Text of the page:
Gov. Jay Nixon signed legislation Monday authorizing Kansas City to establish a land bank to deal with vacant and abandoned properties.
The law allows the land bank to acquire vacant properties and set them aside for rehab or resale so that they can be put back on the tax rolls.
Currently, properties that are in such a state of disrepair that they go unsold at tax sale auctions are turned over to the Land Trust of Jackson County. But the trust has no budget to maintain or fix the properties. Of the roughly 700 properties it has acquired this year, it has sold fewer than 50.
The land bank will "be able to rehab vacant homes and turn deserted buildings into a viable asset for economic development," said Nixon, who was in Kansas City to attend baseball's All-Star Game. "This legislation gives the city the ability to replace deterioration with innovation and build a brighter future for all its residents."
A study last year by the Federal Reserve Bank of Kansas City found that there were 12,000 vacant residential properties in the city. In some areas, the vacancy rate ranged as high as 25 percent. Upkeep and maintenance on vacant property cost the city about $1 million a year.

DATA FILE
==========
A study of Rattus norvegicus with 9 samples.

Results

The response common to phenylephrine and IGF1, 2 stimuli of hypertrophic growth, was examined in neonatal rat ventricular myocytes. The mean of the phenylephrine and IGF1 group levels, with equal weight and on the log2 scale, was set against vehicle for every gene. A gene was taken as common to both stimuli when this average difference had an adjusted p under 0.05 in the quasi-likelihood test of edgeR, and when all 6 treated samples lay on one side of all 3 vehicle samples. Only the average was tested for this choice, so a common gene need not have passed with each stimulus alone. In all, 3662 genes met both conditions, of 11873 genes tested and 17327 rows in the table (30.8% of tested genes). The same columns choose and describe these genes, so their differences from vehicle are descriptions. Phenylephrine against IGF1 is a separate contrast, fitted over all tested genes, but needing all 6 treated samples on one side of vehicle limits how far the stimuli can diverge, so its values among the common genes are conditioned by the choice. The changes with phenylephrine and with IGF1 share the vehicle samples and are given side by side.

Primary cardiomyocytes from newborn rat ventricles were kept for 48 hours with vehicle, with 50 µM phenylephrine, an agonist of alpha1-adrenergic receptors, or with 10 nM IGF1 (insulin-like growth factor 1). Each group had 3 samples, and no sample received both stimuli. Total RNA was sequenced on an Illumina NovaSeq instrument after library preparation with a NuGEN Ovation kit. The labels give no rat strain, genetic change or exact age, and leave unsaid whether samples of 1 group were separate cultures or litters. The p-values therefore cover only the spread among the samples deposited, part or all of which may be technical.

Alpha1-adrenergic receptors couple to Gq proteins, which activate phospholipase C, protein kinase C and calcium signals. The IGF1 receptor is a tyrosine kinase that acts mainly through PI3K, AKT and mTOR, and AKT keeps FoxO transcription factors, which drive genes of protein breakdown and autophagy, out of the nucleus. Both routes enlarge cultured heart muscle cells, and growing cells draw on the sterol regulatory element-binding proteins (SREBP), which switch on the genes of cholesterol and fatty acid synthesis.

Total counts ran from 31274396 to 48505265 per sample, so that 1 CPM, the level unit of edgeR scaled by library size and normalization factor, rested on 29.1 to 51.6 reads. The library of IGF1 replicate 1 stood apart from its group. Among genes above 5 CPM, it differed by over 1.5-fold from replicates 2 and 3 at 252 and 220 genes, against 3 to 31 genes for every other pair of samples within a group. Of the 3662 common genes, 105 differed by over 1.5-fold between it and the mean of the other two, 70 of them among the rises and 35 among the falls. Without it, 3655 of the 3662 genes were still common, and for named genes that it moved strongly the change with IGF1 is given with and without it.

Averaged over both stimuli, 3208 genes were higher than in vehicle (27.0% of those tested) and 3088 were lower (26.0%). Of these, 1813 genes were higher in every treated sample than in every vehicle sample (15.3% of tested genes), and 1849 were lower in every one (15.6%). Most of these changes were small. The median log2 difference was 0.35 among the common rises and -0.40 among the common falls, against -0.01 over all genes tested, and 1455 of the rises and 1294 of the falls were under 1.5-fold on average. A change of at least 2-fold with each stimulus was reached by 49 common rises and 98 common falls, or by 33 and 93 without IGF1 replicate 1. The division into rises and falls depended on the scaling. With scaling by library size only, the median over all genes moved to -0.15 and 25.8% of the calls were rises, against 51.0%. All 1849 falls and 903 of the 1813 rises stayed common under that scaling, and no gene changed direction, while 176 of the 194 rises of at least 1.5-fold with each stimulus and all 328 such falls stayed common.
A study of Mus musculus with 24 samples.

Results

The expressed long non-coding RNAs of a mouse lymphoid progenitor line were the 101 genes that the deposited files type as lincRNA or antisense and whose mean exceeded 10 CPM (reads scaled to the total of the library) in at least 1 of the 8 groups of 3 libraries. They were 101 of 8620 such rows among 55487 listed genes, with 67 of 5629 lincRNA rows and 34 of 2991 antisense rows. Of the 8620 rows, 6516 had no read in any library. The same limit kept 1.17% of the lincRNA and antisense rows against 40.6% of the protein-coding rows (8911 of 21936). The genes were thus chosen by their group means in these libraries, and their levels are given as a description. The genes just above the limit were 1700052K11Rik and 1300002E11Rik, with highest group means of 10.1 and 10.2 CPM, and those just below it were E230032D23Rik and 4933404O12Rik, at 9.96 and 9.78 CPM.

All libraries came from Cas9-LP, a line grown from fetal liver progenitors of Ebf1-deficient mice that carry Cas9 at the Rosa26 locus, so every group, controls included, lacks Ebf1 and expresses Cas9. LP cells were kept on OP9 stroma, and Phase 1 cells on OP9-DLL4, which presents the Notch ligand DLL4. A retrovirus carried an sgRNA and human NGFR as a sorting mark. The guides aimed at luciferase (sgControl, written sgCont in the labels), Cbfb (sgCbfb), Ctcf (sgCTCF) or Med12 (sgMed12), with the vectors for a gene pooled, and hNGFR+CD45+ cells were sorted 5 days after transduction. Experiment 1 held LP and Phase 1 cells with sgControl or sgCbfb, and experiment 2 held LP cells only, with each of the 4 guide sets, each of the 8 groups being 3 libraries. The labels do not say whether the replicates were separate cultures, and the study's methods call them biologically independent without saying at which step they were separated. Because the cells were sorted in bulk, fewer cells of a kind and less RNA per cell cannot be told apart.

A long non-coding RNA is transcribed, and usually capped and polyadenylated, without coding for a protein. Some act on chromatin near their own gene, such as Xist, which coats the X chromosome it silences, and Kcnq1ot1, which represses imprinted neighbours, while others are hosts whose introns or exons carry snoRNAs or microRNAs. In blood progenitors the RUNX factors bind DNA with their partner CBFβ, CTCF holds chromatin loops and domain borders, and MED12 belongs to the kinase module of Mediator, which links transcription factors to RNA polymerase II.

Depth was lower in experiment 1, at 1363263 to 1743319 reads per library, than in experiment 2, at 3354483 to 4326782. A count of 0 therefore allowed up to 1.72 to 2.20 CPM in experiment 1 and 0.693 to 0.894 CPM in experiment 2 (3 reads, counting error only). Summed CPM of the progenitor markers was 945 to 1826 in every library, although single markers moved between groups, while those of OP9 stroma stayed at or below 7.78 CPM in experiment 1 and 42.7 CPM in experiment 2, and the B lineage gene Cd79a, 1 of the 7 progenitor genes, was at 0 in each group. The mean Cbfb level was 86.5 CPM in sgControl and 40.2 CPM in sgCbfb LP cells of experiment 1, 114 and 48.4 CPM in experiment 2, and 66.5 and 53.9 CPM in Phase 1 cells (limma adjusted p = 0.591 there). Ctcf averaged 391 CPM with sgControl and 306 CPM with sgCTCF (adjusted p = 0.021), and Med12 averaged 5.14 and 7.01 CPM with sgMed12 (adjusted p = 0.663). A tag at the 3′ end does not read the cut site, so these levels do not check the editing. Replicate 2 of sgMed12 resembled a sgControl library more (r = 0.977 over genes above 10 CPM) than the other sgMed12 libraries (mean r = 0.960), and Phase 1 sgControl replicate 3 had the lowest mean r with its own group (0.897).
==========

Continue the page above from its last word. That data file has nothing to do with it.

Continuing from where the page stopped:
In addition to receiving properties that go unsold at auction, the land bank will have the ability to bid on properties in low-income areas and take on debt. It will not, however, have the power of eminent domain.
Now that the legislation has been signed into law, the Kansas City Council will have to vote to formally create the land bank.
City and county leaders have been enthusiastic supporters of the idea, including Mayor Sly James, who has referred to the land bank as "game-changing legislation to combat Kansas City neighborhood erosion."
"I think the mayor and the council have the best intentions and will work to create an agency that empowers neighborhoods," said Missouri Rep. Michael Brown, a Kansas City Democrat who has co-sponsored land bank legislation for several years.
Missouri Rep. Noel Torpey, an Independence Republican and the bill's co-sponsor, said it was fitting that the land bank bill was signed while the nation's eyes were on Kansas City for the All-Star Game.
"Now, let's hope Washington, D.C., is watching so they can see that if you strip political party aside you can do what's right and pass meaningful legislation," Torpey said.